Theory of Descriptive Linguistics - Morphology

Theory of Descriptive Linguistics - Morphology

Lectures: 45

Seminars: 15

Tutorials: 0

ECTS credit: 6

Lecturer(s): red. prof. dr. Marvin Tatjana


- Pre-theoretical understanding of the concept "word". Generative approach to word theory: an explanatory description of the native speaker's knowledge of words.

- Arbitrariness of linguistic sign. The predictability of the manner in which the meaning components are expressed in a word.

- Concatenative linear morphology. The model of morphological distribution. The model of morphological processes.

- Phonological, morphological and morphophonological processes.

- Morphology of the early generative grammar (Chomsky 1957; 1968; 1970; Lees 1960; Chomsky & Halle 1968).

- Morphology of standard generative grammar (Halle 1973 ). The interaction of phonology and morphology (Kiparsky 1982, 1985). The hypothesis of extrinsic ordering of affixes in a word (Siegel 1979, Selkirk 1982, Aronoff 1976) and its disadvantages.

- Word-formation versus inflection (Scalise 1988). Inflection as the part of morphology relevant in syntax; what is relevant for syntax depending on the theory of syntax.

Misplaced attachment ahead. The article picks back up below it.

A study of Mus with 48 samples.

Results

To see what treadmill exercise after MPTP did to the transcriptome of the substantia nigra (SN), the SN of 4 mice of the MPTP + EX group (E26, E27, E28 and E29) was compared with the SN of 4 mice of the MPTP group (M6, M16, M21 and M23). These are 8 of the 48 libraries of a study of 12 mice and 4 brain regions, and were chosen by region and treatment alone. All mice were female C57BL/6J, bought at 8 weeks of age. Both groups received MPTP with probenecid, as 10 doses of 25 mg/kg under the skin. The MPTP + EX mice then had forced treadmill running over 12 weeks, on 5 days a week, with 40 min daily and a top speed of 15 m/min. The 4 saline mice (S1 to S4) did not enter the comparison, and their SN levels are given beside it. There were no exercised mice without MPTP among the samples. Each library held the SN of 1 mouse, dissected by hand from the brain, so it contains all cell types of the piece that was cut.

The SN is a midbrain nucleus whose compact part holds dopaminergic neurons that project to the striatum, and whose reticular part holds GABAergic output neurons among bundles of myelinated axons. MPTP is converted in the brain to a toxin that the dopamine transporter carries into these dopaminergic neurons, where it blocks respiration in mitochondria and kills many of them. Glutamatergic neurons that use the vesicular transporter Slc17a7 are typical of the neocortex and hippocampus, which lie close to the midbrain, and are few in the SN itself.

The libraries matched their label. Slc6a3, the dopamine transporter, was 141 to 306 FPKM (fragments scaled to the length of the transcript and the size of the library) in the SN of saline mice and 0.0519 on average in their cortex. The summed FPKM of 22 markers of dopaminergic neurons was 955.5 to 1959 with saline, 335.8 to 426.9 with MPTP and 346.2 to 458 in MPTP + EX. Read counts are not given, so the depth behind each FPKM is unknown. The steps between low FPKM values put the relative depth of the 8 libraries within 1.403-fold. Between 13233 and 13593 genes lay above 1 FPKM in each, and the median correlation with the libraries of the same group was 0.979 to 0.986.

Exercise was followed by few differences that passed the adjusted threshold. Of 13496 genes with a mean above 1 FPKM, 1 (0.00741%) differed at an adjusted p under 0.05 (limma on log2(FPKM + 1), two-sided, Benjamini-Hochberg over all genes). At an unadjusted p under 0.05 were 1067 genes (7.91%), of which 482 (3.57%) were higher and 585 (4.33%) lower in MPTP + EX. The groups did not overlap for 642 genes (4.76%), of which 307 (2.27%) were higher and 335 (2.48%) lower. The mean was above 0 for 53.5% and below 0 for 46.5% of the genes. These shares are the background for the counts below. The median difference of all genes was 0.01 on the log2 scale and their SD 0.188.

- Compounding in morphology and syntax. Lees 1960: compounds are a tranformationally reduced form of a deep proposition. Phonological, morphological, syntactic and semantic differences between a compound and a syntactic phrase. Similarities between the principles in word formation and principles in sentence formation (Baker 1987; Roeper 1988; Williams 1981, Selkirk 1982, Lieber 1983, Toman 1983).

- Incorporation. Baker's Mirror Principle. Pros and cons of a syntactic nature of incorporation (Baker 1985, 1988; Williams in di Sciullo 1989).

- Endocentric nature of the word (Williams 1981) and word phrase; hierarchic structure of the word and word phrase; argument sturucture relations of word parts and of sentence parts; the rule Move Alpha in word and sentence.

- Two alternative approaches of modern generative morphology:
The hypothesis that one system of rules underlies morphology and syntax;
Lexicalist hypothesis on syntactic impenetrability of the word: the interaction of syntactic and morphological algorithm is captured by substantive universals and principles, a common morphological and syntactic process.

- Minimalist theory as a theory of morphosytactic features and their role in the syntax component.